Cynthia Kubas , NASM Elite Trainer
Sports Medicine Specialist

Microorganisms multiply rapidly, and as the "parent" microbes are exposed to the antibiotic in your system, they have the genetic machinery to "adapt" to the antibiotic, and become resistant to it in future generations. By taking the full course at the full dose, you help maximize the possibility that all of the organisms will be killed before they mutate and become resistant. Once that happens, the illness becomes, obviously, much more difficult to treat!

One should generally take a course of antibiotics as prescribed by his or her provider. By not completing a course of antibiotics, you encourage development of antibiotic resistance in bacteria that can become life-threatening in the future. Also, you may feel better and stop taking the antibiotic, which then allows the bacterial organisms to regain a foothold and cause the infection to return.

You should continue taking antibiotics even if you feel better to be sure to kill off all the bacteria that's making you sick, and to avoid the development of antibiotic resistant bacteria. If you don’t take all the doses of antibiotics you are given, only the weak bacteria will die, and the strong bacteria will not only survive, but learn how to resist antibiotics and become even stronger. These are antibiotic resistant bacteria, which can make you really sick.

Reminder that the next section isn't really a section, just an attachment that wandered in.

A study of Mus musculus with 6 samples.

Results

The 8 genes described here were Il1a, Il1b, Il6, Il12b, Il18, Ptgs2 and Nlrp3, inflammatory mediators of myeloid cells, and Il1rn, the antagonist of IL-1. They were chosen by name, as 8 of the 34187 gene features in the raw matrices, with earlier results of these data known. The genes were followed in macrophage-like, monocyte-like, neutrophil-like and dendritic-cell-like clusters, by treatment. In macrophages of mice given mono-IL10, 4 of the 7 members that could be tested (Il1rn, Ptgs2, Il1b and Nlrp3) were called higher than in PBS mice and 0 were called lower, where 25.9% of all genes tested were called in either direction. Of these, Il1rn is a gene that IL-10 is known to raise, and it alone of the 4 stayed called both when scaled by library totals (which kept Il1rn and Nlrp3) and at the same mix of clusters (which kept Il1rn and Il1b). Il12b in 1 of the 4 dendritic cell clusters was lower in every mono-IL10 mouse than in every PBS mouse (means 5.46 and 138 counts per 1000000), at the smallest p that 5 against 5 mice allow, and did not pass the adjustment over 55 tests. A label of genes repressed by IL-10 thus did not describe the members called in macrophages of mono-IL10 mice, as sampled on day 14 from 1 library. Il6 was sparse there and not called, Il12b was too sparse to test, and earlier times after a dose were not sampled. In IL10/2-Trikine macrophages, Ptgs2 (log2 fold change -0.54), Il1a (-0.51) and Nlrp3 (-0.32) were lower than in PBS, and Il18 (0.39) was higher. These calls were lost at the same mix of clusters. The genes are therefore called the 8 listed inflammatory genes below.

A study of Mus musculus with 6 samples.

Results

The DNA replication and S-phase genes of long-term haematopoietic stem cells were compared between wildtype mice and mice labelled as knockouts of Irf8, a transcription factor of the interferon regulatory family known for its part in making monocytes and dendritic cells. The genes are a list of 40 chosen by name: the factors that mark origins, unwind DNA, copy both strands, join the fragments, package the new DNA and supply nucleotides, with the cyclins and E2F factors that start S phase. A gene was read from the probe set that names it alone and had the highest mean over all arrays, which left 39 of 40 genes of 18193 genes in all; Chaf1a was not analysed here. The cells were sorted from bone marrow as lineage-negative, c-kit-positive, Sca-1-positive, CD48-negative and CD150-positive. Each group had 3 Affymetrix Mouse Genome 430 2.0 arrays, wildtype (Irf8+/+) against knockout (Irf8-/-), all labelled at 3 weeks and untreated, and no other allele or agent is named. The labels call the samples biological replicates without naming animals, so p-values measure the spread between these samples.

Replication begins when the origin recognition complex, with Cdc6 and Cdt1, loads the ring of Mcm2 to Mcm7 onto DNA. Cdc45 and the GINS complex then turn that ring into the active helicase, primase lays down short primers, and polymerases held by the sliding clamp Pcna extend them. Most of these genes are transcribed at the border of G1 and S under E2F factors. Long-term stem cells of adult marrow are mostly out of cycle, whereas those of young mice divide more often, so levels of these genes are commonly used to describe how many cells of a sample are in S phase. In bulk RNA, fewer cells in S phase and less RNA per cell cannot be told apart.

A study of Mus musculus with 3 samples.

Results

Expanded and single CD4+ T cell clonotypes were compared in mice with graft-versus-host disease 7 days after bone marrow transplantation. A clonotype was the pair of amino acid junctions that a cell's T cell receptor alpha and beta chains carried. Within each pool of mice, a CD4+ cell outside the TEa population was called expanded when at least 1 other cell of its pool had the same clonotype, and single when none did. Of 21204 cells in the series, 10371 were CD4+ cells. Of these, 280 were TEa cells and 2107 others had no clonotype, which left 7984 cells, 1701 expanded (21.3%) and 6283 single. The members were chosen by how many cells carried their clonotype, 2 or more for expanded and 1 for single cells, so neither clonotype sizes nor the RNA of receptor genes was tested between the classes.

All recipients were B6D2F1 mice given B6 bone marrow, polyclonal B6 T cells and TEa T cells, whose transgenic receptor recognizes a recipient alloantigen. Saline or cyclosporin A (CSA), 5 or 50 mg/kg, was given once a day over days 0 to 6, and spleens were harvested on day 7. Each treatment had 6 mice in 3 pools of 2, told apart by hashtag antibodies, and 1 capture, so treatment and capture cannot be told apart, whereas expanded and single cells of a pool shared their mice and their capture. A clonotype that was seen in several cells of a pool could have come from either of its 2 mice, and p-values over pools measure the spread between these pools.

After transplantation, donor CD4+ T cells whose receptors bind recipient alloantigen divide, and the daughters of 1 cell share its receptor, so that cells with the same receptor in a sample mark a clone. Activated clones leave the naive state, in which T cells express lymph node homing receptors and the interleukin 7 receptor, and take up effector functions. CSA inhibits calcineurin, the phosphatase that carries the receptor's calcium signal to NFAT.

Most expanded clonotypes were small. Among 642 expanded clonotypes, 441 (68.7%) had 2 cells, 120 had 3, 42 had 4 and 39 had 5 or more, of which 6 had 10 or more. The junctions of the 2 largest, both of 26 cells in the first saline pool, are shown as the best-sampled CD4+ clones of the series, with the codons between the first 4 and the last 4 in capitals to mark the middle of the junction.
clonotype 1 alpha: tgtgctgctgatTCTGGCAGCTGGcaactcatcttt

Never go off medication abruptly, and never go off any medication without your physician's express permission. If you are prescribed antibiotics, for example, it is very important to take the entire amount prescribed. Do not stop after just a couple of days because you feel better. This is an exceedingly common and potentially very dangerous mistake, because the illness sometimes returns quickly and in a more virulent form. Because the bacteria causing the disease have already been exposed to the antibiotic, they often become resistant to it, and the drug no longer works effectively.